M-People

Last month’s Guardian reported a drastic fall in the price of Elvis memorabilia. As his original fans die off and their collections hit the auction market, there simply aren’t enough new fans desperate to acquire that Jailhouse Rock limited edition.

Is this the fate that awaits our anime collectables 30 years down the line? Will your cherished, unopened, box-new copy of the Zavvi-exclusive Anthem of the Heart fail to monetise for your money-grabbing offspring as they dance on your grave? What is a “collector’s edition”, anyway? It used to carry with it some sense of exclusivity and bragging rights, but in recent years, it has more healthily come to simply connote an anime show worth owning in physical form, rather than trusting to the whims of online content providers. But as an early adopter of DVDs, I have already had to suffer the annoyance of a much-loved disc succumbing to drop-outs and scratches. Manufacturers refuse to guarantee a DVD past five years, although most of them can last for a few decades. But how long do you want to collect your collectable? Will you be watching Akira in your rocking chair, when you can’t read the subtitles anymore?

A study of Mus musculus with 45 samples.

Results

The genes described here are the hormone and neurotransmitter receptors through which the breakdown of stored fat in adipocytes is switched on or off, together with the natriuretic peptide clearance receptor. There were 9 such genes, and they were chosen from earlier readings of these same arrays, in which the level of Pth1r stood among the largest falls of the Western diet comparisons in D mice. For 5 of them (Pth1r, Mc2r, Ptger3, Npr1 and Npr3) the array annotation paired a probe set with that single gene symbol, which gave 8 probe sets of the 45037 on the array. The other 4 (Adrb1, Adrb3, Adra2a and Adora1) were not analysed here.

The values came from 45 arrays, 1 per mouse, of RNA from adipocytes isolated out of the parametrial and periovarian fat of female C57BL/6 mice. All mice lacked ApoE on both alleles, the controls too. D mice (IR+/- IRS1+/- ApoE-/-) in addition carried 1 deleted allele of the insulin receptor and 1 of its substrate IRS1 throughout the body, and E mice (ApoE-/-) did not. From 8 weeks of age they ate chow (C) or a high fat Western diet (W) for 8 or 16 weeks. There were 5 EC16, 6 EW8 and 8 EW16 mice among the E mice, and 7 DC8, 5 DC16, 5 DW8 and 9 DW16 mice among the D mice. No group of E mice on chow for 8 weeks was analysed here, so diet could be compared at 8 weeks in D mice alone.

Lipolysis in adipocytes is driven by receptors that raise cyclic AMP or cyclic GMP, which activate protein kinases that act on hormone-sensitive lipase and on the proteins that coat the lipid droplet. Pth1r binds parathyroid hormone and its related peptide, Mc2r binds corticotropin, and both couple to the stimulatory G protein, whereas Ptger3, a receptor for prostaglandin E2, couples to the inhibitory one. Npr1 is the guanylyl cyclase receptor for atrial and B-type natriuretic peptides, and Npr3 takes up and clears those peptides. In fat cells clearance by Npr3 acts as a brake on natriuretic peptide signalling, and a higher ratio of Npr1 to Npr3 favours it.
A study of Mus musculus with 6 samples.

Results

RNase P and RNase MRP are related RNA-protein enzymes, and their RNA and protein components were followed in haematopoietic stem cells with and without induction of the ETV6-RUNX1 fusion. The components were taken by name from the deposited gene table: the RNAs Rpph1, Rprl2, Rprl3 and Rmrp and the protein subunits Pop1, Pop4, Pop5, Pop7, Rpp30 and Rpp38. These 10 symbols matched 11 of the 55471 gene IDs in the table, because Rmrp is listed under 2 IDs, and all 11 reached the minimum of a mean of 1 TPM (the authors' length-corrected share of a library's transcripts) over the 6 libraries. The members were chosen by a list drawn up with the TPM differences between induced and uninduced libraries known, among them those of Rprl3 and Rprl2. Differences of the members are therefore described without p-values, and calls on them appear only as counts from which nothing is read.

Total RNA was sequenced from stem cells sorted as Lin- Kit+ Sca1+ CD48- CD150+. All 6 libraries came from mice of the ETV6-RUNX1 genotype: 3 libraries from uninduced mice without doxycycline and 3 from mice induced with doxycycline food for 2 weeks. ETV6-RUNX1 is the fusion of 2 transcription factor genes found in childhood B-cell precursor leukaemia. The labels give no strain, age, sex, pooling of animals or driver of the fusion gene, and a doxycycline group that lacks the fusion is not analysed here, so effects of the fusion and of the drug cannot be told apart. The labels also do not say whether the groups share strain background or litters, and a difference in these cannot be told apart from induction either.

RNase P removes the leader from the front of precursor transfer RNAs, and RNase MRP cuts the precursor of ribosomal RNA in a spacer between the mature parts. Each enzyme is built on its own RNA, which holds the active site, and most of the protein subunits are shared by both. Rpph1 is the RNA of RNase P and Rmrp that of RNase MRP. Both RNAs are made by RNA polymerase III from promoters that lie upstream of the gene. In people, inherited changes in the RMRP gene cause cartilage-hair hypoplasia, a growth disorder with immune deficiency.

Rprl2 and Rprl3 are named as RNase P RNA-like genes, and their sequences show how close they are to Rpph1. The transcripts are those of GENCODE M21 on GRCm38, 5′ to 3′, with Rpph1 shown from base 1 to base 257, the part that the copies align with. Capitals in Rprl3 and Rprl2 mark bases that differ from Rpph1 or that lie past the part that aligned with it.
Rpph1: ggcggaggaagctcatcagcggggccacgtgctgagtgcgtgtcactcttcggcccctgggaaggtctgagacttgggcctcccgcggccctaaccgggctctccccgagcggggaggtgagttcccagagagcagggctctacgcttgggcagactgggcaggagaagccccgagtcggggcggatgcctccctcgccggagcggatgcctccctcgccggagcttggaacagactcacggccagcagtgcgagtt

If that’s the plan, maybe we should get into M-DISCs, Millenniata’s answer to archival data storage. Readable on a standard DVD or Blu-ray player, M-DISCs record their data by physically etching it into a layer of carbon, rendering it far less liable to deterioration and safe for a thousand years. “Your data is engraved in stone – literally,” trills the manufacturer’s website, before immediately conceding that carbon is not actually stone.

The M-DISC might be the great unsung technology of this decade. It’s been commercially available for the last seven years; you can buy them off the spindle for a fiver a throw and many modern disc burners are already compatible with the format. And yet there’s been nary a whisper of it among the anime collectable community. I checked with several movers and shakers while writing this article, and none of them had heard of it. Will M-DISCs be a new fad for fans who want their children’s, children’s children to have access to Ghost in the Shell, or those extra mastering costs seem like too high a price to pay?

“Does this mean,” asks my wife, “that we won’t have to buy a new copy of Toy Story every three months?”

No. M-discs only last a thousand years when they are properly archived… not left on the living room floor for sticky hands to play with.

Jonathan Clements is the author of A Brief History of Japan. This article first appeared in NEO #165.